Diet Supplements & Prevention

Feb 2016



Different races carry different risks of developing prostate cancer (PCa): it is low in Asian races, medium (1 in 8) in white Caucasians and highest (1 in 4) in black African and African Caribbean/American men. Perhaps diet contributes to this since east asiatic diets are often rich in soya whereas western diets are blamed for obesity - PCa is commoner in obese men. If diet is a factor, the concept of "harmless" natural foods or supplements immediately becomes attractive as a preventive measure and some studies have even suggested this is the case. So far Vitamin E, Selenium, lycopenes, polyphenols and isoflavones have been cited as beneficial - is this really true?

Vitamin E & Selenium

Vitamin E is an antioxidant found in plant oils such as soya and Selenium is found in nuts, cereals, fish and meat.

An early trial in smokers in the USA suggested a considerable drop in cancer risk and mortality of 32% and 41% respectively. However the largest prevention trial involving over 35,000 randomised men showed no benefit after 5 years but after further follow-up and recruitment of 54,000 more men, the Vitamin E arm revealed a 17% INCREASED risk of developing PCa!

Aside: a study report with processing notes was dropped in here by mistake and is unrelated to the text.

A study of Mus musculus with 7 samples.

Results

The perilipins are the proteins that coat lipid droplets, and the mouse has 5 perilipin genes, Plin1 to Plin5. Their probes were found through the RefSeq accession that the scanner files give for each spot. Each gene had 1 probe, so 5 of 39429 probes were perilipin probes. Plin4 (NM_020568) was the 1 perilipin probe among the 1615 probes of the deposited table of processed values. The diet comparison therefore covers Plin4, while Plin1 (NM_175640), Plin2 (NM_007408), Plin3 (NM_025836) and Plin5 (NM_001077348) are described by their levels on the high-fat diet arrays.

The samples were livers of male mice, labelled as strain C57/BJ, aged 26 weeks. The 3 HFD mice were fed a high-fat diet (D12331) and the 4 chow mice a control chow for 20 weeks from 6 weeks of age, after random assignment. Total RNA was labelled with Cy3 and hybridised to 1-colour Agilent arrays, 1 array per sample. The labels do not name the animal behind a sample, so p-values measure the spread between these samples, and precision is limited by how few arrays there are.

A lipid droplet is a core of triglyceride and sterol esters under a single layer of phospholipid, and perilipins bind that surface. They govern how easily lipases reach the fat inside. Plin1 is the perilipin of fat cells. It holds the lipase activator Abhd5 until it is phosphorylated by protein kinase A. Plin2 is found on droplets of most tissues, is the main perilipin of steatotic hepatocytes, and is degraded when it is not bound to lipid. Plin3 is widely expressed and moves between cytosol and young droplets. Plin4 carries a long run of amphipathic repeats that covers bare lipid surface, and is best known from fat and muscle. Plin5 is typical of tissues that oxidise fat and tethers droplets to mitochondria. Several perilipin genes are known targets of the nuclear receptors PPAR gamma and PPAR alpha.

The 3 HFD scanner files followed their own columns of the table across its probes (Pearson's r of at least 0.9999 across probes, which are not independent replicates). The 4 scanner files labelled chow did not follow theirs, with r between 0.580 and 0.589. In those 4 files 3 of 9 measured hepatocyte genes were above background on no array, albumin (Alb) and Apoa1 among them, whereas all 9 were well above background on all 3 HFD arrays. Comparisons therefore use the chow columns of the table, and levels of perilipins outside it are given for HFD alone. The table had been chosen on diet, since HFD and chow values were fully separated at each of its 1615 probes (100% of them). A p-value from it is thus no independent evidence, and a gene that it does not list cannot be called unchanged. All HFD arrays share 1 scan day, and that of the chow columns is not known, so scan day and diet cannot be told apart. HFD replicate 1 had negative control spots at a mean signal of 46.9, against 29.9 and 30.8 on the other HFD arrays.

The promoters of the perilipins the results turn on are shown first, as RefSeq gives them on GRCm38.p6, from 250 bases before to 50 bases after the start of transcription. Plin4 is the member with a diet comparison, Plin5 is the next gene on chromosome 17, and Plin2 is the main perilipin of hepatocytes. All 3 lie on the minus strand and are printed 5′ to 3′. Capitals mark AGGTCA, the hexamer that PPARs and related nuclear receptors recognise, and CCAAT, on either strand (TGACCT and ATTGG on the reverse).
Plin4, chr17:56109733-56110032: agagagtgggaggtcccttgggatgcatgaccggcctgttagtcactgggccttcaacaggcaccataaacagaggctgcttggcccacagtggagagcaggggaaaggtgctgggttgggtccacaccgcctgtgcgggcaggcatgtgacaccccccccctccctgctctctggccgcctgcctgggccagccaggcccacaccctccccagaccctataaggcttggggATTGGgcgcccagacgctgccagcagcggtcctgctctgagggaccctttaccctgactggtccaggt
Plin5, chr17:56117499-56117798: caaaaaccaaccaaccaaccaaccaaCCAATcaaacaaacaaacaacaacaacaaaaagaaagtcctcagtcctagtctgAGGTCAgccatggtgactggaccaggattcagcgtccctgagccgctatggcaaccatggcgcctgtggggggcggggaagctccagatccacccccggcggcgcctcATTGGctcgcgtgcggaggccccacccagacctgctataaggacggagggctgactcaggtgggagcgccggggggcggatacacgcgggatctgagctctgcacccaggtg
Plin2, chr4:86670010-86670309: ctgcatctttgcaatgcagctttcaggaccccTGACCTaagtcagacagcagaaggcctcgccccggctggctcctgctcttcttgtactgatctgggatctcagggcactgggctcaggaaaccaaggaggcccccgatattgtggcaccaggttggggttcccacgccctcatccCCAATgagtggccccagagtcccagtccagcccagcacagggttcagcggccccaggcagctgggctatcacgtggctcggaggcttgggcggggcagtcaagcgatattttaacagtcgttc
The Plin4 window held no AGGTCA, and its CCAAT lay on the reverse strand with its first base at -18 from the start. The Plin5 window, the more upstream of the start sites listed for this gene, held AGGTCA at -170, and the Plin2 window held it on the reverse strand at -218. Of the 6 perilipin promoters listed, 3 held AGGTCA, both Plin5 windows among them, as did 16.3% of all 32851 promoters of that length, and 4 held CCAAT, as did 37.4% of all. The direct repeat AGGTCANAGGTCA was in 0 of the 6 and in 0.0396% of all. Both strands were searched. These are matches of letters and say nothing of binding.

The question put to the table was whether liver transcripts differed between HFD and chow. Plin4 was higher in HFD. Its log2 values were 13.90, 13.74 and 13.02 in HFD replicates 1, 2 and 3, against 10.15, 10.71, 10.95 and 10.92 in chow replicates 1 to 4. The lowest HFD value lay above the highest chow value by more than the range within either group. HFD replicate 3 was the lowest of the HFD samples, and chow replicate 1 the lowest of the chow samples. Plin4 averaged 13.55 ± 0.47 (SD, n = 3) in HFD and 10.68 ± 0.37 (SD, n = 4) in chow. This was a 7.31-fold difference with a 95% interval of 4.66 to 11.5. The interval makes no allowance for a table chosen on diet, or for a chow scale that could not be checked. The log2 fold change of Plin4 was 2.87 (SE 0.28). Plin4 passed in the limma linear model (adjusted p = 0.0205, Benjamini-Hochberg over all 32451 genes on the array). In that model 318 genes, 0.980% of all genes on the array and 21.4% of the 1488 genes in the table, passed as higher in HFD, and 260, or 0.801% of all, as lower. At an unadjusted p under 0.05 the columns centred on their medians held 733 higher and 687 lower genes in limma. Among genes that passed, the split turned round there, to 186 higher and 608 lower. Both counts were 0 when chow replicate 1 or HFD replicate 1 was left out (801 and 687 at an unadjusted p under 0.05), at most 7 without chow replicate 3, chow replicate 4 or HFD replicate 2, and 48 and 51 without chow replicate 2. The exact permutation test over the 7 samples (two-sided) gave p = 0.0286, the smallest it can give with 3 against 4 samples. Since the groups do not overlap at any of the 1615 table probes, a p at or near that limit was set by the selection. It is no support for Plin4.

Subsequent analysis of the Selenium subgroup then showed the risk of developing high grade, aggressive PCa to be 90% higher! Worrying statistics indeed and illustrative of the risks in following unproven theories or dietary fads.

Lycopene & Polyphenols

Lycopene is found in red and orange vegetables such as tomatoes and carrots but in trials so far there is no proof of benefit.

Polyphenols are found in tea but so far all studies, including small randomised trials have shown conflicting or negative results. At least there is no evidence of danger from these two!


These are basically plant oestrogens - "female" hormones - found in soya. Not surprisingly as they interfere with testosterone metabolism, essential for prostate and PCa growth, there is some evidence of reduction of PCa risk. This is a valid area for further research, especially in men at risk of PCa where some trials have shown a clear reduction of PCa in the isoflavone group.


For western Caucasian, black African and African Caribbean men there is no clear evidence that food supplements are of any value in preventing or suppressing PCa except for the use of soya which may be of value in men at risk of PCa.